Standard Kipping Ring Dips
Written by Nichole Dehart for crossFitinvictus.com
In a previous article, I discussed the nuances of the butterfly ring dip. In this post we will go over the standard kipping ring dip.
As stated before, I encourage people to try both styles of ring dips and play around with each one for a while to get a feel for which one flows best. For some, the butterfly ring dip simply doesn’t click and they are much more comfortable with a standard kipping ring dip. There is less coordination involved with this style of ring dip, which can be appealing to some, but it can also be a bit slower then the butterfly ring dip depending on how quickly the athlete can master the cycling.
For those who would like to master the kipping ring dip, check out the steps below:
Step #1 – Lower yourself to the top of the rings, where your deltoids touch.
Step #2 – Drive your knees straight up towards your chest to help propel you out of the bottom of the ring dip. Think “‘up” with your legs instead of kicking down with them.
Step #3 – Immediately drop the legs back to a semi straight leg position once you’ve locked out at the top of the ring dip.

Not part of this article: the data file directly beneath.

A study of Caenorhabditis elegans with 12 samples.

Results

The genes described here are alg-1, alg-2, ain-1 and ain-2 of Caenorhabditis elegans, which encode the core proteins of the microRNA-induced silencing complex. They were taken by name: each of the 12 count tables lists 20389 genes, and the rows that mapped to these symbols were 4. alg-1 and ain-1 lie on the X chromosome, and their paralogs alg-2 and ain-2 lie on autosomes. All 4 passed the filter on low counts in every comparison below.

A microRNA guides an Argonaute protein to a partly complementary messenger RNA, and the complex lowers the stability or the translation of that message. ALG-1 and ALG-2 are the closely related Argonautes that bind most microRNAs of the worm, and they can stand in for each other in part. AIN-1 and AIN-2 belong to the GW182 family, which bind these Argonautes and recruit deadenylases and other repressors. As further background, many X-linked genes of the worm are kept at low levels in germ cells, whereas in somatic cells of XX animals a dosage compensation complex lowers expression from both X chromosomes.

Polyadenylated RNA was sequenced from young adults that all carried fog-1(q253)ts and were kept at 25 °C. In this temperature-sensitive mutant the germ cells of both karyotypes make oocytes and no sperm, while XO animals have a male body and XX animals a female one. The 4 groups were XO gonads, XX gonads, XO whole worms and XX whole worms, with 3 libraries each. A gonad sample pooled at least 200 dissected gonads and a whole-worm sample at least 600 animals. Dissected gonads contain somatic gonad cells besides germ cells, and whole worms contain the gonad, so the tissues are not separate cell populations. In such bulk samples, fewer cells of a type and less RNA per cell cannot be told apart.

Step #4 – Continue this pattern, keeping your feet directly underneath you.
This standard style kip keeps the athlete in a more vertical position and doesn’t require a circular motion with the legs, like the butterfly ring dip. When doing this style of ring dip, make sure to focus on driving your knees up instead of kicking down.
A common fault I often see with this movement happens when an athlete doesn’t bring their knees high enough to their chest. Make sure to drive the knees up as close to the chest as possible; otherwise the legs will drop down too soon and pull the athlete down instead of propelling them up.
Both styles of kipping ring dips take practice. Try out each one and see what feels best for you! Just make sure to stretch your pecs when you are done practicing to prevent your chest from becoming too tight.